While on the surface it looks like officials from five provinces in China have cracked down on Bitcoin miners, no one is sure how much hashrate is moving, which pools are affected, or where those miners will end up. A number of mining pools have had their hashpower percentage decreased and Bitcoin’s overall hashrate has also decreased. On the other hand, the computing power of “unknown” pools has risen sharply, since several known pools have lost the hashrate.
Pool percentages decrease, overall hashrate decreases
There have been reports from officials in provinces such as Inner Mongolia, Xinjiang, Qinghai, Yunnan and Sichuan instructing bitcoin miners to close stores. The crypto community generally assumes that a lot of hashrate comes from China, but how much hash power actually resides in the country is still a mystery. Reporting on Bitcoin mining operations is rare and the latest studies are out of date.
The hashrate distribution shows that known pools that have disclosed their identities have recently suffered losses in hash power. June 2021, the hash rate of the Bitcoin (BTC) network was around 191 exahashes per second (EH / s) and is now just above the 100 EH / s zone. The metric has fallen below 100 EH / s a couple of times but has remained pretty consistent at that level since June 19.
Interestingly, pools like Antpool, F2pool, Viabtc, Poolin, and Btc.com have seen large swings in hashrate, but they remain the five largest mining pools in the world. Antpool and Viabtc, considered “Chinese pools,” also have the highest SHA256 hashrate in the world of any chain using the SHA256 consensus algorithm. In the BTC chain, today’s top 5 mining pools were the top miners for months in 2021, with some pools switching positions every now and then.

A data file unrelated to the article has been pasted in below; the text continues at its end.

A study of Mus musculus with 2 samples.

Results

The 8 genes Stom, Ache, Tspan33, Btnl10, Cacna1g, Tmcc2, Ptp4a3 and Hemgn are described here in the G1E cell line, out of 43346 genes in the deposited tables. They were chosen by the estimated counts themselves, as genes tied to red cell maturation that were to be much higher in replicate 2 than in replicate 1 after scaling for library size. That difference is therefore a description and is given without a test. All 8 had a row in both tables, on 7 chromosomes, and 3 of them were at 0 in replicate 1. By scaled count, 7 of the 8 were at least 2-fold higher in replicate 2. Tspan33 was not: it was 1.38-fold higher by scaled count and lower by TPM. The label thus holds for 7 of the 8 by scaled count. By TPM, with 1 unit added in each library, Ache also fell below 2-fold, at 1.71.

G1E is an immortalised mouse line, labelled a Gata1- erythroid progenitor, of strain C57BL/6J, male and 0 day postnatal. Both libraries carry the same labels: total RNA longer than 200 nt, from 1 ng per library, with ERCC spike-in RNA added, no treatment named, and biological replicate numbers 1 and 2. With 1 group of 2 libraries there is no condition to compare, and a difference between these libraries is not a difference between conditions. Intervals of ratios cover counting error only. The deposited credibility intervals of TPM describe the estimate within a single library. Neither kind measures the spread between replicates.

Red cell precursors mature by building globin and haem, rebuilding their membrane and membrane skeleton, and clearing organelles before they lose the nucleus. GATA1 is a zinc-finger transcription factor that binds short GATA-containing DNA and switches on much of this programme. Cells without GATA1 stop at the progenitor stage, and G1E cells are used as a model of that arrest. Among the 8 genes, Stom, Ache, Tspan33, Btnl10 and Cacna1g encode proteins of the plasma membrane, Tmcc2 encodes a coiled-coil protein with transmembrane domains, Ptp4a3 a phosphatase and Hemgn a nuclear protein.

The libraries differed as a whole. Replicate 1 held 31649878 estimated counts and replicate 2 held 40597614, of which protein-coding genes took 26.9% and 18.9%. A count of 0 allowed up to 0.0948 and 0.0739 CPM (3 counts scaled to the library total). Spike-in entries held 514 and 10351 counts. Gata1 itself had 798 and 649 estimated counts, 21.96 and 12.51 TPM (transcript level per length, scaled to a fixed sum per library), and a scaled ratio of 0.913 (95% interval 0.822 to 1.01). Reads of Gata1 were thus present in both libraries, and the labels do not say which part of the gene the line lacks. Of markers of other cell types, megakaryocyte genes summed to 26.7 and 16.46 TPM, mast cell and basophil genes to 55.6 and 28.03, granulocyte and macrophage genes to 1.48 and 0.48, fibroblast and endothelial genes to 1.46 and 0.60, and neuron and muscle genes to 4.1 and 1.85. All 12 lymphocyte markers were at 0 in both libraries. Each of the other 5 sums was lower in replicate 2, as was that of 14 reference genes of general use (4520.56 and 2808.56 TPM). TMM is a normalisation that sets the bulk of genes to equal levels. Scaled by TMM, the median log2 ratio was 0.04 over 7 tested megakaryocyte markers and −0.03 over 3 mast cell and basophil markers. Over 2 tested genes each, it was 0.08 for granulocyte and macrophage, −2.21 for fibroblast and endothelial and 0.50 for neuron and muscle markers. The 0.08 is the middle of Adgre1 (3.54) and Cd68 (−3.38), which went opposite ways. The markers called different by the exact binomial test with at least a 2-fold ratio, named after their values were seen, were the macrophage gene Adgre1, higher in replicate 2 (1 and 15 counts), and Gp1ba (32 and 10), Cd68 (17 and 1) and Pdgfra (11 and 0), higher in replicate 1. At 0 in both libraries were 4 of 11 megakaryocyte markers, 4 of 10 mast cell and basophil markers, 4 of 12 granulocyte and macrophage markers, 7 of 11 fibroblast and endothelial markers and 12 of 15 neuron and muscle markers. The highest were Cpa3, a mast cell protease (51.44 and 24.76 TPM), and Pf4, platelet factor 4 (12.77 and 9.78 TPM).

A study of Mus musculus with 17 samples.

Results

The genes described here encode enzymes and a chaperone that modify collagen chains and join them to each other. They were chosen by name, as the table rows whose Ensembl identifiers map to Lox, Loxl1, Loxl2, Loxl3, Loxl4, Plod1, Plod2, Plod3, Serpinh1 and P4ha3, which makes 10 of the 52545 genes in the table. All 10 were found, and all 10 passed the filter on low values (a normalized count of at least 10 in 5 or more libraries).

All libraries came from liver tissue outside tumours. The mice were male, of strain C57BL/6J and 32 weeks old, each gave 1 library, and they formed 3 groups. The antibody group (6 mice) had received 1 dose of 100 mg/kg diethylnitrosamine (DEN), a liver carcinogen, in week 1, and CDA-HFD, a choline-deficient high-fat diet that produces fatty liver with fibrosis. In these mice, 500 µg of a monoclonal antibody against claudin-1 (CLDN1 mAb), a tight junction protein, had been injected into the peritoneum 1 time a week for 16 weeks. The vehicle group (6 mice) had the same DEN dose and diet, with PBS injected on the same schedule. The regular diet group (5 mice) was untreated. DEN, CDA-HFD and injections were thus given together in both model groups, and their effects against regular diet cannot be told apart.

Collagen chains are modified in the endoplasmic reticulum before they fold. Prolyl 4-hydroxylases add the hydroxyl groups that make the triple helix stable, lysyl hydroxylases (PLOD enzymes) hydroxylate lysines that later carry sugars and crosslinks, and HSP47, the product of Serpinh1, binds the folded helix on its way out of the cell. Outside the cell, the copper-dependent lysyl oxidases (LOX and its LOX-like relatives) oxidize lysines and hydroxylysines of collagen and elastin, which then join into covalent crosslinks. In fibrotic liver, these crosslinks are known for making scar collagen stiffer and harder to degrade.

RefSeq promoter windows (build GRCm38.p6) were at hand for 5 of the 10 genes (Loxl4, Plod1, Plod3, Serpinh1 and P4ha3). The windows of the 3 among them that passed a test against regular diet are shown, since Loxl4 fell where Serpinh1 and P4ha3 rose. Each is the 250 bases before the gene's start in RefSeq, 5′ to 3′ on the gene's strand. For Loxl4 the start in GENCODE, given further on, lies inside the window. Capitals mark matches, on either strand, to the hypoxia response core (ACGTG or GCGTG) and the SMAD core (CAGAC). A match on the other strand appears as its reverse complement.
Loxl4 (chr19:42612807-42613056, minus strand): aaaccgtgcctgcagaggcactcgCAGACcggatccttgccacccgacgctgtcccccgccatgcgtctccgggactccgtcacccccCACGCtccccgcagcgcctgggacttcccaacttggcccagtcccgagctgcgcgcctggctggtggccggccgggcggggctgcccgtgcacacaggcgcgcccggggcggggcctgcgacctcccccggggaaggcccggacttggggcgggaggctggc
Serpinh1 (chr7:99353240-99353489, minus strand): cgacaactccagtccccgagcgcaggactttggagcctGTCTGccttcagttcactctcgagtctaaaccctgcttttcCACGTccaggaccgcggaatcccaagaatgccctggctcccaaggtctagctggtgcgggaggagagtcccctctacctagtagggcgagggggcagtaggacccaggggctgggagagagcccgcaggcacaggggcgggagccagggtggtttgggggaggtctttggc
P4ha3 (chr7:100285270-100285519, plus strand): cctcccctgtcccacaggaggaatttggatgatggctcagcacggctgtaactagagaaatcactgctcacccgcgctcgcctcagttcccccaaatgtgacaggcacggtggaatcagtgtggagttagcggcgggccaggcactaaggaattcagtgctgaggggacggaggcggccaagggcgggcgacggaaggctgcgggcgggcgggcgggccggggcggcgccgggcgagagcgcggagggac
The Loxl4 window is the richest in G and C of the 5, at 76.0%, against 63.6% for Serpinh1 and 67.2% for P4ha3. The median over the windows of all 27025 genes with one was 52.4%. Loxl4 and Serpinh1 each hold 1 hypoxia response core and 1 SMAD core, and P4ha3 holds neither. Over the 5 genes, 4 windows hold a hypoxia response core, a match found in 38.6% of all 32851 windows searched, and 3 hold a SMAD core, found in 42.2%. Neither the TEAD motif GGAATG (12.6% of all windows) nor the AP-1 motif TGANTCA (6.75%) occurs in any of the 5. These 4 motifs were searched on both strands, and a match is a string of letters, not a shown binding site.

The return of the mysterious miners
Since the first warnings from Inner Mongolia in the first week of March 2021, stealth mining has increased significantly. Mystery miners – those involved in stealth mining – have been widespread since the Bitcoin network started. If you looked at the BTC hashrate distribution today, you would basically notice 18 pools revealing their identities.
But there is one more piece of hashrate that is referred to as “unknown” in the hashrate distribution charts from Btc.com and other hashrate aggregation / distribution websites. Since China began cracking down on Bitcoin miners, the mysterious hashrate – which is now the seventh largest mining pool – has risen sharply. Statistics show that stealth mining pools have been finding many more blocks since March 2021 and unknown hash has increased every month after that.
Unknown hashrate commands around 10 EH / s of BTC hash power today and over 12% of total SHA256 hashrate processing blocks in BTC, BCH, and BSV chains. The crypto community understands that mining operations that do not want to be identified use virtual private networks (VPNs) or proxy services to hide their IP addresses. Mystery hash was very common in 2018 and 2019, but it dropped sharply in 2020. In January 2019, Mystery Hash dominated 22% of the BTC chain and 17% of the BCH chain. At the time, Coin Metrics published a study on the mystery hash phenomenon.
Coinmetrics stated that between mid-2015 and mid-2017, most miners revealed their identity via the Coinbase parameter in order to identify themselves with the name of their pool. “However, unknown miners increased through 2018,” Coin Metrics said, stressing that the statistics “have shown a newfound appreciation for the privacy or emergence of miners who have something to hide.”
But towards the end of 2019 and most of 2020, there was almost no unknown hashrate. That trend changed a lot in 2021, and the unknown hashrate has returned, coincidentally as Beijing plans to crack down on bitcoin mining and crypto trading in China. There’s probably a reason why bitcoin miners are back this year with something to hide.
What do you think of the return of the mysterious hashrate after China started cracking down on bitcoin miners in the country? Let us know what you think on this matter in the comments below.